The London Dog Forum Ltd
London, United Kingdom, firstname.lastname@example.org
Hounds For Heroes
It is extraordinary to think the very first service dogs, Guide Dogs for the Blind, were introduced for the use of servicemen during WW1 but it has taken nearly a century for dogs trained in other types of assistance work to be provided specifically to the men and women who risk their lives for our country.
It is thanks to Allen Parton, who for many years had the dream to launch ‘Hounds for Heroes’ that assistance dogs are now being provided to ex-servicemen of the UK Armed Forces and Civilian Emergency Services who have been injured and disabled. With the provision of these dogs and the support of the people behind this charity, personnel are given a chance of freedom, independence and an enhanced quality of life.
The partnership that led to the foundation of ‘Hound For Heroes’ in 2009
Allen (centre) with EJ
The charity’s aims and ambitions plus their achievements so far are impressive, but nothing could describe the value of ‘Hounds for Heroes’ more vividly than the founder, Allen Parton’s own story.
Allen was a Chief Petty Officer serving in the Royal Navy during the Gulf War in 1991. Life could not have been sweeter. He had a promising career ahead of him and a loving wife with two children back in Portsmouth; then tragedy struck. Allen suffered a severe head injury that completely changed his life. He was traumatised severely, both physically and emotionally, and he was unable to walk, speak or write. He had no memory of getting married or of having children and spent the next five years in hospital struggling to come to terms with his disabilities.
Then along came Endal, a yellow Labrador assistance dog, who was destined to give Allen and his family a completely new lease of life. With Endal’s help, Allen regained his independence. His wife, Sandra no longer had to be at his beckon call 24 hours of the day 7 days a week, which allowed her to have more freedom and peace of mind. Soon Allen realised that not only did he owe his new-found confidence to his dog, but also he had saved his marriage and helped to rebuild the relationship he had with his children.
Endal was able to respond to over one hundred commands and use his instinct for problem solving. Time and time again he would astonish Allen with his ability. Once when Allen was struggling to reach up to get money from a cashpoint machine, Endal jumped up and retrieved both the money and the cashpoint card in his mouth and passed them to Allen. He had never been trained in this skill. In 2001, when Allen was visiting Cruft’s he was knocked out of his wheelchair by a speeding car and left unconscious on the ground. The driver was in such a state of shock that he was unable to help. Immediately Endal took charge. He placed Allen in the recovery position, covered him with a blanket and fetched his mobile phone. When the dog received no response from Allen he ran to a nearby hotel to raise the alarm.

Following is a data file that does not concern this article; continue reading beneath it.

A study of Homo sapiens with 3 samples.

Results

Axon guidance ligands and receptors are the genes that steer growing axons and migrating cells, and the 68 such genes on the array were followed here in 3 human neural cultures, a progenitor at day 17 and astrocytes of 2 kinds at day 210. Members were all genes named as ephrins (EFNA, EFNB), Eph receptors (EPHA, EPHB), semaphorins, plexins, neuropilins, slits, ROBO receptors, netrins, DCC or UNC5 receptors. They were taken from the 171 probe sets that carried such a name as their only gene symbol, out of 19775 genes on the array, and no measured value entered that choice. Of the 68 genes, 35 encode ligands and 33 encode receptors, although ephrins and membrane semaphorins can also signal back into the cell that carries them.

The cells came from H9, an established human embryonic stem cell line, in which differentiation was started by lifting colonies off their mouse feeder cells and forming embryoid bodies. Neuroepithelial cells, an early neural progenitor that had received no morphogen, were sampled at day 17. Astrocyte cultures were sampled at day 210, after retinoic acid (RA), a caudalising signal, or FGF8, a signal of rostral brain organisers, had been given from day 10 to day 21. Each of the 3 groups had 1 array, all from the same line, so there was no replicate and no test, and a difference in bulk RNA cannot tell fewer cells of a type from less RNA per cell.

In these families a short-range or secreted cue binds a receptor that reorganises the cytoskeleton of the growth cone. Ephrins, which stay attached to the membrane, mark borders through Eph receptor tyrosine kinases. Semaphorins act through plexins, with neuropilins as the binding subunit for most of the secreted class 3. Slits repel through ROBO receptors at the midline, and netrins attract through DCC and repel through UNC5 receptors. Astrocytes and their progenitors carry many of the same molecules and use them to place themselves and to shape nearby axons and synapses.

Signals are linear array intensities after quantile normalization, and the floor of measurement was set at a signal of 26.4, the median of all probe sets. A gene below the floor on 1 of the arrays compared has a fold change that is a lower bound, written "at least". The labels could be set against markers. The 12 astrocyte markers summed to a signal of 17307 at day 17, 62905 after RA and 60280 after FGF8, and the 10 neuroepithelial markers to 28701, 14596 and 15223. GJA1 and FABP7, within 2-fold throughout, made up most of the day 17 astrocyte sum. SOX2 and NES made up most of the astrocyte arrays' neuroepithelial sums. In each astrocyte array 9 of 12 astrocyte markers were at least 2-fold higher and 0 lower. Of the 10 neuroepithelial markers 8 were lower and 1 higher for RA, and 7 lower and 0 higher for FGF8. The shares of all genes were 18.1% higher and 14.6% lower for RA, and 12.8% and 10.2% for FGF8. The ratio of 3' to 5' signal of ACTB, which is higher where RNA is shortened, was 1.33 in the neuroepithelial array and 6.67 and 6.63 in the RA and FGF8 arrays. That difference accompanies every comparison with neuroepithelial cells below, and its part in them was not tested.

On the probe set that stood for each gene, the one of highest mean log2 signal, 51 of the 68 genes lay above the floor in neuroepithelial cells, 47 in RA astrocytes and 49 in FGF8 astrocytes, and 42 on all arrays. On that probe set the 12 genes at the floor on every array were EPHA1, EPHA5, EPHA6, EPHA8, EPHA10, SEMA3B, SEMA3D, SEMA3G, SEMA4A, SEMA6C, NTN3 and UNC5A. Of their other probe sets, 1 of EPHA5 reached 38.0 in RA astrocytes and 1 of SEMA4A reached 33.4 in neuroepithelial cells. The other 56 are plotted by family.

It was the result of this remarkable partnership that Allen had the idea of setting up a new charity that would benefit other disabled servicemen and women in the way that he had been through his devoted dog, Endal. In 2009 Allen’s dream was realised when ‘Hounds For Heroes’ was officially launched.
The Aims’ of ‘Hounds for Heroes’
Initially ‘Hounds For Hero’s’ intends to raise £100,000 to buy 5 Labrador puppies, each of which will be carefully selected for the qualities needed for being a first-rate assistance dog. It is vital that these puppies have an excellent start in life and therefore ‘puppy parents’ are carefully chosen to begin the essential part of their training and socialisation. After 15 months, the specialist training begins which includes both the puppy parents and the new owner. Throughout this period the puppies meet on a weekly basis. Once these puppies are completely trained they will be fully transferred to their new owner.
Sadly Allen’s dog Endal died in the Spring of 2009 and one of the first puppies to be trained under this scheme is his new dog EJ (Endal Junior.)
Waitrose staff raises funds for Hounds for Heroes by embarking on an epic cycle ride from London to Paris and back to Portsmouth
As with every project of this kind, ‘Hound for Heroes’ is dependent on funds or donations.
By supporting this charity, you will not just be making a huge difference to someone’s life but it is a way of saying ‘thank you’ to all those brave men and women in the UK Armed Forces and Civilian Emergency Services for the wonderful work they do and for putting their own lives at risk daily in the service of others.
A number of successful fundraising events have already been held over the past few months and London Dog Forum always keeps abreast the latest activities and follows with a report in their news.
To learn more about ‘Hounds For Heroes’ and you can help, please click the logo below.